I HAVE hundreds of postcards of Dewsbury town centre taken over the last 100 years and every single one is different, even though some may look identical.
Take, for example, this week’s featured picture.
Many have been taken of this same spot, but closer scrutiny may reveal they were taken on different days or from a different angle.
I have two photographs of this particular scene, taken from a different angle, but probably at the same time and on the same day.
This one was taken from a height, probably from a four-storey office window, which gives a brilliant view of the Market Place right up to the town hall.
I have a picture of the same view taken from street level looking towards the town hall, and not from above which makes quite a difference.
Postcard collectors, like stamp collectors, are always looking for little differences, and when they find them it’s like striking gold.
We have been fortunate in this district to have had some first class photographers who day in day out were taking pictures of places of interest in the borough.
They have left us an invaluable record of our social history, and thanks to a number of avid local postcard collectors, we have managed to retain many of them.
When taking these pictures, the photographers of old could never have imagined how important they would be some day to the town’s social history.
Most which have appeared on these pages were taken by Fred Hartley and Mark Cross, who both had studios in the town, but there were also others, lesser known, like Norman Balmforth.
In war time there were strict Government rulings forbidding the use of cameras to prevent photographs being taken in certain locations which could have been of use to the enemy.
Indeed, quite a number of perfectly innocent people seen taking photographs while on holiday were arrested and taken to the nearest police station to be interrogated.
The photograph above was not taken in wartime, and is one of my favourites, kindly loaned by Hanging Heaton’s former milkman Ronnie Ellis.
Interestingly, on the back is a message from the sender, a young schoolgirl named Gwen, who was living in Nursery Wood Road, Hanging Heaton, at the time.
It is simply signed “Love, Gwen” and was sent to her school friend Margaret Hirst who was staying at Troutdale Bungalow, Borrowdale, Nr Keswick, Cumberland.
The message, which includes a reference to a new form of arithmetic just started at their school, states:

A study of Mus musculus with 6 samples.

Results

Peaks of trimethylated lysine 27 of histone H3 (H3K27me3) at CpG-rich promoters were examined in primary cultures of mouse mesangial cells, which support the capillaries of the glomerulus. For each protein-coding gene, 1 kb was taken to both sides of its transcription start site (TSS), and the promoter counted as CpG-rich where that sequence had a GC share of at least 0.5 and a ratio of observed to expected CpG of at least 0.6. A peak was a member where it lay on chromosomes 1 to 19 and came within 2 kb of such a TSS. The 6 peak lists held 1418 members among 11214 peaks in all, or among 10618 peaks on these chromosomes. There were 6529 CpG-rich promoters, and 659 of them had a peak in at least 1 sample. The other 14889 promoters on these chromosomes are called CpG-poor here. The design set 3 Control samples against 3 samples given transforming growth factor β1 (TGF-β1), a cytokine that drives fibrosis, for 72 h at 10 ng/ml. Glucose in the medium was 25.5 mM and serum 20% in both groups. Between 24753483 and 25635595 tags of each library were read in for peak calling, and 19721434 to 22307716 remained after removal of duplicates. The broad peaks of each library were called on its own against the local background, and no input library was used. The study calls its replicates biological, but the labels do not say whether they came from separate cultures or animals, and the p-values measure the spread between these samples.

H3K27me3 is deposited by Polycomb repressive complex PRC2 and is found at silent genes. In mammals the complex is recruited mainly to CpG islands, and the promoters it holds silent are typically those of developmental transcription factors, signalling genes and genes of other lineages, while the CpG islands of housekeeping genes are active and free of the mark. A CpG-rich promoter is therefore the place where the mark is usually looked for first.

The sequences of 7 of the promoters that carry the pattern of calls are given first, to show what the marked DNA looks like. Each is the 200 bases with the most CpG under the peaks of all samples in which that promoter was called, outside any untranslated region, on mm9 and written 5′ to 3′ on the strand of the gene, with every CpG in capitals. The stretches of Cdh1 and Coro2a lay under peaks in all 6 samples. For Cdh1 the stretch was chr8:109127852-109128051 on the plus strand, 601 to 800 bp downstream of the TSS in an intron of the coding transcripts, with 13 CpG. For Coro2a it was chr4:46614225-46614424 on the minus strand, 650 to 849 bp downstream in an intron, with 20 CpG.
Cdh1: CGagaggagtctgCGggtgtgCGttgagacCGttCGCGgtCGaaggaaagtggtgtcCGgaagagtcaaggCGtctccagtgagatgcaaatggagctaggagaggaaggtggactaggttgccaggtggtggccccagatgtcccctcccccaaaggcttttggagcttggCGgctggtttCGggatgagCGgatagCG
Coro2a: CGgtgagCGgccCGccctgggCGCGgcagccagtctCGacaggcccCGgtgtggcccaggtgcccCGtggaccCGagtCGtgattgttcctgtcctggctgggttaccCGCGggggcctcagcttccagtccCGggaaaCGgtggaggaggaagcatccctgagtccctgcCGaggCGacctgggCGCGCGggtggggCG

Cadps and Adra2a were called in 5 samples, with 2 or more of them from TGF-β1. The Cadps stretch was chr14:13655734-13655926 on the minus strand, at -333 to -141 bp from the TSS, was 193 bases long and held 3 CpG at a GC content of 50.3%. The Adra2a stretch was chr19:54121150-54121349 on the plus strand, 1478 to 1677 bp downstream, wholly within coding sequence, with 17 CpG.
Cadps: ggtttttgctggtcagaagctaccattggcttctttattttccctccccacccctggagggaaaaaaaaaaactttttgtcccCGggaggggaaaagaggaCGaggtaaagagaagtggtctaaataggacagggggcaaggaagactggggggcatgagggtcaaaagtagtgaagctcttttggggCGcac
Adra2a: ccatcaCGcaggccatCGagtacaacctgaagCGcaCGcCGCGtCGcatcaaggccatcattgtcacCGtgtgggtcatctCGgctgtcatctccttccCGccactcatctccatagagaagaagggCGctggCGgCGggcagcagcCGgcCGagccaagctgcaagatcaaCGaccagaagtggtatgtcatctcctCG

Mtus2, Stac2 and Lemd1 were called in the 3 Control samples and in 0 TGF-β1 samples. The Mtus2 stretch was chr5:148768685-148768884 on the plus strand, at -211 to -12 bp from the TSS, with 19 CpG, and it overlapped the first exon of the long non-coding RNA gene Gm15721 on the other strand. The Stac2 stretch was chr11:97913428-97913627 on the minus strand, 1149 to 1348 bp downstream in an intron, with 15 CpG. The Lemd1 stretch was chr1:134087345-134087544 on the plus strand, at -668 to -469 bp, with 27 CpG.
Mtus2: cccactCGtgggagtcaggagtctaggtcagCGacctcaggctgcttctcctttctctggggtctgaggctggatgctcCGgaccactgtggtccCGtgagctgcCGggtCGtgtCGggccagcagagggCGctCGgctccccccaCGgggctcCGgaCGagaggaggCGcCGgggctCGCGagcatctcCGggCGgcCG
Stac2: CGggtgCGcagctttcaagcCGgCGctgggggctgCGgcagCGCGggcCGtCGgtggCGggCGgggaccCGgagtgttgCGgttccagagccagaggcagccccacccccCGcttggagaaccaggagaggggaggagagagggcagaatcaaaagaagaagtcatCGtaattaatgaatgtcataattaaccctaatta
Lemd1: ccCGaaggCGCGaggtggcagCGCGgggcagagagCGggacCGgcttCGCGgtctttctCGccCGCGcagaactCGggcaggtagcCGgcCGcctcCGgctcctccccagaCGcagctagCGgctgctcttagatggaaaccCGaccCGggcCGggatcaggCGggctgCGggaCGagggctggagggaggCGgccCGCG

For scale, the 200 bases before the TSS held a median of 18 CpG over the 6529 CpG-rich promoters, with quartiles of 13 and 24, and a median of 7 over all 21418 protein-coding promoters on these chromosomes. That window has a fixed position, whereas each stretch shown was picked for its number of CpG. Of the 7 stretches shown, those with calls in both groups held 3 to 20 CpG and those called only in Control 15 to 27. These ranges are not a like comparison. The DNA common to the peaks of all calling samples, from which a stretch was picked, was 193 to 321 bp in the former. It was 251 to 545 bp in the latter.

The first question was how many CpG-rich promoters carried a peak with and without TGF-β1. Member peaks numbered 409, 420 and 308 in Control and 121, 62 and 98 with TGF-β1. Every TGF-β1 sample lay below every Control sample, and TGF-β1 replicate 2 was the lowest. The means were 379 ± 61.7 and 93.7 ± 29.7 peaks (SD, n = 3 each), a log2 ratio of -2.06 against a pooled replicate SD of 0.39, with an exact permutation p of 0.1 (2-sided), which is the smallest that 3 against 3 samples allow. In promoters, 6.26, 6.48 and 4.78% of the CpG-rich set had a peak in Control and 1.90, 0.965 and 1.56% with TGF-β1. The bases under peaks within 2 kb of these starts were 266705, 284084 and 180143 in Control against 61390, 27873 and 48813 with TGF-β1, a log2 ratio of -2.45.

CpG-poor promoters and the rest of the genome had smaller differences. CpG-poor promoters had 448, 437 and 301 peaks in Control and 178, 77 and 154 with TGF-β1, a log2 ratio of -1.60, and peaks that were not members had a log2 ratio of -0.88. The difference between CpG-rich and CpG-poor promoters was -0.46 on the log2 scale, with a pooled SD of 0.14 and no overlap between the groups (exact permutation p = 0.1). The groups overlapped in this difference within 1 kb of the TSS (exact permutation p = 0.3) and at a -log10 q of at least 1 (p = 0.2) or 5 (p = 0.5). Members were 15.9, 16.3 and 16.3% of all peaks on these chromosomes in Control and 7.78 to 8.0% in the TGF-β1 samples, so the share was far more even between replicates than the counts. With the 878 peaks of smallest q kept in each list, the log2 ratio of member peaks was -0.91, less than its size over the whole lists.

“Hope you are having a good time and the weather is fine. It rained here on Saturday and a few showers on Sunday. We are doing a new kind of sums so I bet you’re glad you are away.
“I hope you have not fallen in the beck,
It is touching to read such postcards because they talk of friendships which often lasted a lifetime because most people lived in the same village all their lives.
The messages are simple and often quite insignificant, and although the sender didn’t have much to say, they always found space to give a detailed description of the weather!
The messages, are usually only a few lines, but they are always clear – the recipient of the card is being missed and their return is eagerly awaited.
Postcards were inexpensive and because the cost of postage was cheap, they became an invaluable means of communication, unlike today where telephones and texts are the people’s first choice.
Postcards were also reliable and a constant reminder to absent friends and relatives that they were still in their thoughts.
Postcards brought people together, and with three deliveries a day, you could write to friends pretty often knowing they’d get it the following day, sometimes the same day.
There was no such thing as “first and second class post” because all post was first class and you didn’t have to pay any extra for it.
The good old days will always be with us, thanks to those photographers and the postcard collectors who followed them. And people like Ronnie Ellis who has kept them safe.
If you have any old postcards of Dewsbury, please share them with me so I can share them with others – firstname.lastname@example.org.